The recent suggestion that we turn lockdown into “Dry Covid” is pompous at best, ambulance-chasing at worst. There’s a time and place to judge other people’s behaviour – now is not it.
Ian Hamilton’s call to arms is ostensibly a response to the government categorising off-licenses as an essential service – although I’d argue this does not mean the government deems alcohol essential, but rather that it should be essential to offer it to those who want it. They sell Dairy Milk in off-licenses, but this doesn’t mean they too are essential.
Hamilton’s suggestion that being able to buy booze at a petrol station but not to drink and drive suggests an “incoherent” governmental to alcohol is itself incoherent. It suggests buyers feel compelled to drink what they’ve bought as they drive off. Presumably, there are swathes of brickwork next to hardware stores absolutely dripping with Dulux.
Yet more troubling than the illogicality of Hamilton’s argument are the psychological and sociological consequences of forcing the UK should spend lockdown in Mormonesque sobriety.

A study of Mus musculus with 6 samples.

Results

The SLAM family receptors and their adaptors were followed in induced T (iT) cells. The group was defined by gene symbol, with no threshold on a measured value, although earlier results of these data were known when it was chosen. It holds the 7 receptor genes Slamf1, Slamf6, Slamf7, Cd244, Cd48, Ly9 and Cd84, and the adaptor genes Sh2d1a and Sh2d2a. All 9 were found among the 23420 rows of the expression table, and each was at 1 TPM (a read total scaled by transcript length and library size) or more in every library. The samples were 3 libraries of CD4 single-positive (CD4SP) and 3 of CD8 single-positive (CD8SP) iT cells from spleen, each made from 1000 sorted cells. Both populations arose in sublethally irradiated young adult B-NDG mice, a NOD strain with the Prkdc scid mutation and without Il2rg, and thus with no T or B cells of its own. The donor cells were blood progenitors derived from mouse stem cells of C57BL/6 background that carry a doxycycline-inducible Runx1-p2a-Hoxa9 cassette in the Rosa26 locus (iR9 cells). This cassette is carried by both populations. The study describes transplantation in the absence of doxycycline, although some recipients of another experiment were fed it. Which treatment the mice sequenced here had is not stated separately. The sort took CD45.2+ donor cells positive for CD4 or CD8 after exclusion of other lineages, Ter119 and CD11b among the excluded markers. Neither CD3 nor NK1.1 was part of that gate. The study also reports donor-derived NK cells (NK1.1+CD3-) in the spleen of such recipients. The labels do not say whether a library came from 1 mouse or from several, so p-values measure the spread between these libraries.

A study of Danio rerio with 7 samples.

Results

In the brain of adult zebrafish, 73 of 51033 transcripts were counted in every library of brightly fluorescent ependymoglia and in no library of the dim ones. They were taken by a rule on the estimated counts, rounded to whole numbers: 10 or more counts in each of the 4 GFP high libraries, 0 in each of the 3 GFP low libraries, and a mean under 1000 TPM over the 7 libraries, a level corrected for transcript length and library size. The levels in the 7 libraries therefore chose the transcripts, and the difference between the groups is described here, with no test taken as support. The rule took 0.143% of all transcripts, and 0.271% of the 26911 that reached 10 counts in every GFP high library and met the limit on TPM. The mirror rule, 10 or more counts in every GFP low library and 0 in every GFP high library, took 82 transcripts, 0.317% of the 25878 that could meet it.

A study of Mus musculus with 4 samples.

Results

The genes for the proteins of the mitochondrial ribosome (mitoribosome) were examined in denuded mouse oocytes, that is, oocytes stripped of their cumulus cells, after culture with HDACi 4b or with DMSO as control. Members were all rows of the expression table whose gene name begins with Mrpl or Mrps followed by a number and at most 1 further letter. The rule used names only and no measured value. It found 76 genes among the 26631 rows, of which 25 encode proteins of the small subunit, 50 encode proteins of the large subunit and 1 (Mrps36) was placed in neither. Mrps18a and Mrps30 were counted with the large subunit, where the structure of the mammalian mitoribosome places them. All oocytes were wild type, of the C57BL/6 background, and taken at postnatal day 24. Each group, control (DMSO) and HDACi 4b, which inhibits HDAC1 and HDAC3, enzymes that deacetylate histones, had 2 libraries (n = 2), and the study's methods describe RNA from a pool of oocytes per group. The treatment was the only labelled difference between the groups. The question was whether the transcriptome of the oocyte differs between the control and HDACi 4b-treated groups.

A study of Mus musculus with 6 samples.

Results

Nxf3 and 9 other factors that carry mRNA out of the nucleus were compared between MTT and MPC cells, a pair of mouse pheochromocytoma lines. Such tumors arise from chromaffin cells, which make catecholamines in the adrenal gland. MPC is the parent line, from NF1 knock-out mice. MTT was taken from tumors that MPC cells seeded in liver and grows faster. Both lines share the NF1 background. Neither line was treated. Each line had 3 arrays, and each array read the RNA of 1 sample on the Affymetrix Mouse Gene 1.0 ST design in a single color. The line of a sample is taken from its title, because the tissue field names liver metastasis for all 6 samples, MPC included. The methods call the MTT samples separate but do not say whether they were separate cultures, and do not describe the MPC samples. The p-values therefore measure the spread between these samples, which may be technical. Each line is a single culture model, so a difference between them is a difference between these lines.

Before that horse bolts, it’s important to say I’m not disputing the facts around excessive alcohol consumption (mental illness, kidney and liver damage, among others). Nor am I dismissing the World Health Organisation’s advice that alcohol has a negative effect on immunity, something we certainly don’t want during a pandemic. But it’s just as important to appreciate that there’s a spectrum of alcohol use.
I know what addiction feels like (and, thankfully, how sobriety does; a whole decade of it so far). I’m public about my past, and this has opened up hundreds of conversations. Many of the people I speak to want to know whether going above the government limit on units makes them a soak. It doesn’t – not least because this limit has been shown by those who came up with it to be arbitrary. It means you are one of millions of Britons who relax with a pint, a glass of wine, a G&T.
Alcohol dependence and using alcohol to cope are different beasts. Having a drink to unwind at the end of the day – particularly given the circumstances – doesn’t make you an alcoholic. Shaming and stigmatising those who enjoy an occasional drink is likely to lead to more irresponsible drinking.
What we’re faced with right now is scary – and we need a way to collectively cope. So let’s have a drink – hell, let’s have two. A pandemic is not the moment to get on our high horses about one of the few things that make it more bearable.